XM Play – A minimalistic yet powerful Audio Player for Windows

I’m always in constant search for good audio players because I love listening to music and many times have the audio in different formats. The first one I always like and use is WinAmp Player which is still my personal favorite. After this I use Windows Media Player with some codec packs. Recently I came across this music player called XM Player. Even though this software may be old, this is the first time that I’m hearing about it. Here is a quick run through of the features about XM Player.


XM Play is a very minimalistic player with some good features such as DSP Filters, Interpolation & volume/pan ramping etc. Here is a full list of features according to XM Play developers:

  • Balls-on accurate
    Plays the way nature intended
  • 32/24-bit & multi-channel output
    Take advantage of supporting hardware for ultimate quality
  • Gapless output
    Gapless playback of all supported formats, crossfading
  • Interpolation & volume/pan ramping
    For output that’s smoother than a baby’s arse!
  • DSP
    Automatic gain control (and Replaygain), 9 band equalizer, reverb, plugin support
  • Net streaming
    All supported file types (including MODs and archives) can be streamed from FTP and HTTP servers (inc. Shoutcast/Icecast/Icecast2), optionally writing a copy to disk, FTP directories and HTML webpages can be scanned for playable files
  • Track information
    Displays file/format information, messages/tags, and instrument/sample texts, open webpages from the texts
  • Title formatting
    You decide how you want the track titles to look, title updating from ‘net streams and CUE sheets
  • Library
    A database of your tracks, with directory monitoring, for quick and easy access to the tracks you want to play
  • Saved/preset settings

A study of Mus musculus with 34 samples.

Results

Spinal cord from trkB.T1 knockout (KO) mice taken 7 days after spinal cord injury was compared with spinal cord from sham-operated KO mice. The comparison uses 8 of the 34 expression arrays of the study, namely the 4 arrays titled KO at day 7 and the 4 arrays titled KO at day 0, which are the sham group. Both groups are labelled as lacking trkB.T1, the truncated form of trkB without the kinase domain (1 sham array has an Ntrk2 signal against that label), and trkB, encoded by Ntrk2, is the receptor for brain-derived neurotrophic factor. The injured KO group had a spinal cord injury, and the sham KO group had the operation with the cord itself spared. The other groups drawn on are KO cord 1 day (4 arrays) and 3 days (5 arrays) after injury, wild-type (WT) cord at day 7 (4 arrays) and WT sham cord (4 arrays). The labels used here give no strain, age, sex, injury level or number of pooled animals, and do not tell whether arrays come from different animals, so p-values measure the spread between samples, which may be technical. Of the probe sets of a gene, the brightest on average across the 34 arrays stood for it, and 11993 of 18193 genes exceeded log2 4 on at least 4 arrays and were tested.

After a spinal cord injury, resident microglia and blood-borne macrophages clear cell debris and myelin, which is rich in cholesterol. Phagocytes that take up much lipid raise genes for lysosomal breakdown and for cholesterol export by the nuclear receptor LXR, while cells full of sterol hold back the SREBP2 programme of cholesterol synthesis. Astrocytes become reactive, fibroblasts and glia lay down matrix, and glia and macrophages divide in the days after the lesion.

Save settings (DSP/etc) to be automatically used each time specific tracks or filetypes are played, save presets for quick application at any time
  • Disk writing
    Write 8/16/24/32-bit WAV files, use external encoders (MP3/OGG/etc), optional level normalization, dithering & noise shaping, individual MOD instrument writing
  • Keyboard shortcuts
    Fully customizable shortcuts, including global hotkeys
  • Integration
    Open files/folders from Windows Explorer, drag’n’drop files/folders/shortcuts/URLs, monitor the clipboard for playable URLs, drag’n’drop tracks from XMPlay into other programs, icon customization
  • Archive plugins
    Archived/compressed files can be loaded just like normal files, including support for nested archives
  • Unicode file support
    Support for Russian, Chinese, etc…
  • Visualisation
    Compatible with Sonique plugins, fullscreen display, includes a MOD pattern view
  • No installation
    UnZIP where you want and go!

On the main interface offers you the option to pick the formats that are supported, like:

  • OGG – Ogg Vorbis
  • MP3 – MPEG1/2/2.5 layer 3
  • MP2 – MPEG layer 2
  • MP1 – MPEG layer 1
  • WMA – Windows Media Audio
  • WAV – any WAVE format that has a codec installed
  • AIFF – Audeo Interchange File Format
  • CDA – CD Audio

From these, you can choose the list of song or select a URL from which you can select the song from. It operates like most of the music players nothing fancy but it’s gives one of the best outputs I have tested so far. I’m not sure if it’s a placebo or is it really making a difference while playing music.


You can download various skins from the developer’s website. There are lots of options using which, you can customize your player. Since it’s a more like a no-install player, it will not associate common extension with the player, but if you want to manually set it you can go to the Options, select Integrate and select the formats and click Apply.

XM Play free download

XM Play is an excellent under-appreciated player for your music needs with good plugin supports. You can download XM Play from the developer’s website.